Tokyo 2020 Olympics organizers on Friday unveiled a shortlist of four replacement logos after the original design was scrapped last September amid accusations of plagiarism.

The Tokyo 2020 Logo Selection Committee chose the four candidates from almost 15,000 entries in a competition open to any resident of Japan over the age of 18.

“This time, we wanted as many people as possible to participate, and we received entries from people of all different ages, nationalities and occupations,” said Logo Selection Committee Chairman Ryohei Miyata.

“Those who participate in the Olympics and Paralympics aren’t just athletes. This process gave a lot of people the chance to take part.”

Members of the public will now have until April 17 to voice their opinion online or by postcard. The committee will take these into account before it votes on which design to present to the Tokyo 2020 board on April 25. The winner will be decided the same day.

The four designs range from an indigo-and-white checkered circle to “a morning glory flower as it faces the heavens to greet the new morning.”

“We received so many good applications,” said committee member Ai Sugiyama, a former professional tennis player.

“They were all so full of passion. Looking at all the entries, I thought it would be very difficult to narrow it down to just one, so I’m happy that we have reached this stage. People’s enthusiasm for the Olympics really shone through.”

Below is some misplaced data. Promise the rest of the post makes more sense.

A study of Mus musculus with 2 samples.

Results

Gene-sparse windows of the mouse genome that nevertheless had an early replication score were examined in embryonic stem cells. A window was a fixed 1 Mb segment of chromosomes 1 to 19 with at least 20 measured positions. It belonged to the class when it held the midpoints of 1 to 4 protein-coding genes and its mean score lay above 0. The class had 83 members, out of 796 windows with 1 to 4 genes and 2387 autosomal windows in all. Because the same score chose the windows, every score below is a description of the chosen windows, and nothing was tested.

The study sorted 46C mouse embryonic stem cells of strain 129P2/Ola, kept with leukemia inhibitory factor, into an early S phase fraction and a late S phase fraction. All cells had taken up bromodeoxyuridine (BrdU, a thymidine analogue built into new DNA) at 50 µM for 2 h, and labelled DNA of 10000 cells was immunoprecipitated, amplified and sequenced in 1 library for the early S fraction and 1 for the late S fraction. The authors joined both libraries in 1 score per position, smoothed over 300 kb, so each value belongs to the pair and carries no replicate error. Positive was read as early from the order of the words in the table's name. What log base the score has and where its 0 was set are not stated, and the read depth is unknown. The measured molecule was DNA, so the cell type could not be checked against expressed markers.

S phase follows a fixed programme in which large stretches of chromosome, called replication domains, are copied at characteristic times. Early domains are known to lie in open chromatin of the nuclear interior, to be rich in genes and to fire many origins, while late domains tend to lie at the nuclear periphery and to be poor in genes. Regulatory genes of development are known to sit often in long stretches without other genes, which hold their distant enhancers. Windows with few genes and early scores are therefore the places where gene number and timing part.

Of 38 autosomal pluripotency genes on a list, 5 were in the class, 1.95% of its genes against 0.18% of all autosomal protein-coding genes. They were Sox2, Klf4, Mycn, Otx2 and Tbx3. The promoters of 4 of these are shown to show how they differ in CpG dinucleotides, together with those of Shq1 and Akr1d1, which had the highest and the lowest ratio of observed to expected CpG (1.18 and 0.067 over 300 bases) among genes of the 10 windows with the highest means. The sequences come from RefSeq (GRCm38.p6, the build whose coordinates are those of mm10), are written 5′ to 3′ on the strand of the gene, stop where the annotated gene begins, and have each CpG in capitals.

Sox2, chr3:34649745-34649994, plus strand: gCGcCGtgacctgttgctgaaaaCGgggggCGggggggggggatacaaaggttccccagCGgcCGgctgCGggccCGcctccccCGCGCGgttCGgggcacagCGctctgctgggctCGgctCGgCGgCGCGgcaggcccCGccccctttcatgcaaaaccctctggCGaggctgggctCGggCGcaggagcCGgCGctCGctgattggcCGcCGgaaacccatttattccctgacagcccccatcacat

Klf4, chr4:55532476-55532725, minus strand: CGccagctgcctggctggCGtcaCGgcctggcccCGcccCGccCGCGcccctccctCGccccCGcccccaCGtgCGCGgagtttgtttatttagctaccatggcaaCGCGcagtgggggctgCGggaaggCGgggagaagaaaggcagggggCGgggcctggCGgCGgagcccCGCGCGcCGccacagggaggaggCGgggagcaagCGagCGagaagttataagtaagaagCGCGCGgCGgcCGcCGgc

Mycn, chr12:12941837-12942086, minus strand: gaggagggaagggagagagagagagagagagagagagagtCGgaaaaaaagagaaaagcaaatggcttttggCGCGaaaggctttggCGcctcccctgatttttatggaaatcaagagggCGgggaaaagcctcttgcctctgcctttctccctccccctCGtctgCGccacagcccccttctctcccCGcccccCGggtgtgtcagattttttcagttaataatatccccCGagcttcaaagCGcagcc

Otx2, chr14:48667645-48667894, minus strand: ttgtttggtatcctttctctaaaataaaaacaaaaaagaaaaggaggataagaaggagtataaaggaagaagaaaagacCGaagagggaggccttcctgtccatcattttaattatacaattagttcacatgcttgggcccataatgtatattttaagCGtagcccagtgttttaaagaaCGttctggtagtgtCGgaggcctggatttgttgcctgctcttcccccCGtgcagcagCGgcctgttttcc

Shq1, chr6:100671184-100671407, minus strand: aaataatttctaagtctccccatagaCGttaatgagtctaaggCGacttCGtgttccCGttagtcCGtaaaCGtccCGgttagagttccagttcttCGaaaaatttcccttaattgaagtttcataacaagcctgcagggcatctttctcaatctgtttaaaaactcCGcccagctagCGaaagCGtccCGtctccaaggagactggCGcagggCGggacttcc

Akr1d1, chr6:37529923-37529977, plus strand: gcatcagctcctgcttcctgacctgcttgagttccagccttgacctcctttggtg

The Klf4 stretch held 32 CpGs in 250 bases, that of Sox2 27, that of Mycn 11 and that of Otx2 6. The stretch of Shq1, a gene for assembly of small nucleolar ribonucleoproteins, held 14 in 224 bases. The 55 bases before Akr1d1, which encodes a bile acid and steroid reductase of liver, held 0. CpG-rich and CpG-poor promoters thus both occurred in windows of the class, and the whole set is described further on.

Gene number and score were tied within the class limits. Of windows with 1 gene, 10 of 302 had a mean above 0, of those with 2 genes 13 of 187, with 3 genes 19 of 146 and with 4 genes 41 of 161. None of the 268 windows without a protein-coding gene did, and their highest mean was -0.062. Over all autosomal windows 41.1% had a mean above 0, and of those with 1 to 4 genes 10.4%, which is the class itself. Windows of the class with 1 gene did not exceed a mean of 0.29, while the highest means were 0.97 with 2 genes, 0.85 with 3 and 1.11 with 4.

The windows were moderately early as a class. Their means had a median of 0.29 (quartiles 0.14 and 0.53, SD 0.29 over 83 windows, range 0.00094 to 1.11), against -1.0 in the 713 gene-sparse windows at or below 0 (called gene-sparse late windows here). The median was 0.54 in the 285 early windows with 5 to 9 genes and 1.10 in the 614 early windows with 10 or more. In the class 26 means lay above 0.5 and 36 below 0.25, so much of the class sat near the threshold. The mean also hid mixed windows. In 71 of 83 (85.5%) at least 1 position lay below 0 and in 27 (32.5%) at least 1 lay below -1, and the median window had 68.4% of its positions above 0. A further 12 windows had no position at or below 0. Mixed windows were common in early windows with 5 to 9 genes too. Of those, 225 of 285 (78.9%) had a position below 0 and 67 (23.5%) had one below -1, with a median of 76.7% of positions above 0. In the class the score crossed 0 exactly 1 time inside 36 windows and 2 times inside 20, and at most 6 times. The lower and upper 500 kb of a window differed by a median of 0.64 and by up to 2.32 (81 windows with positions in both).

The competition was launched last October after the original logo by designer Kenjiro Sano unveiled last July was axed. Claims of plagiarism by the designer of a Belgian theater logo led to a slew of further allegations against Sano’s work.

The Logo Selection Committee — which met 14 times — chose the four candidates in January before adopting a series of copyright checks to avoid a repeat of last year’s debacle.

“The work isn’t finished yet, but I have to say thanks to the Japanese public for waiting,” said Tokyo 2020 President Yoshiro Mori. “The previous logo couldn’t respond to your expectations, but Miyata and people from various fields have come together and worked very hard.”

The 19-member committee, headed by Tokyo University of the Arts President Miyata, is drawn from the worlds of sports, design and business, and features household names such as Sugiyama and baseball legend Sadaharu Oh.

“In order to create an emblem that is loved and that sends a message to the world, the process had to be about participation and transparency,” said Miyata, who said the committee does not know the identity of any of the entrants.

The designer of the successful logo will be awarded ¥1 million and a ticket to the opening ceremonies of both the 2020 Olympics and Paralympics.

Meanwhile, opening the selection process to the public drew criticism from the American Institute of Graphic Arts, which argued that it “disrespected” the design profession.

The original competition was open only to designers who had won at least two of seven designated awards.

“Giving one’s opinion is another way for people to participate,” said Miyata. “All of these are wonderful designs and I think we will receive a diverse range of comments. Everyone has their own likes and dislikes.”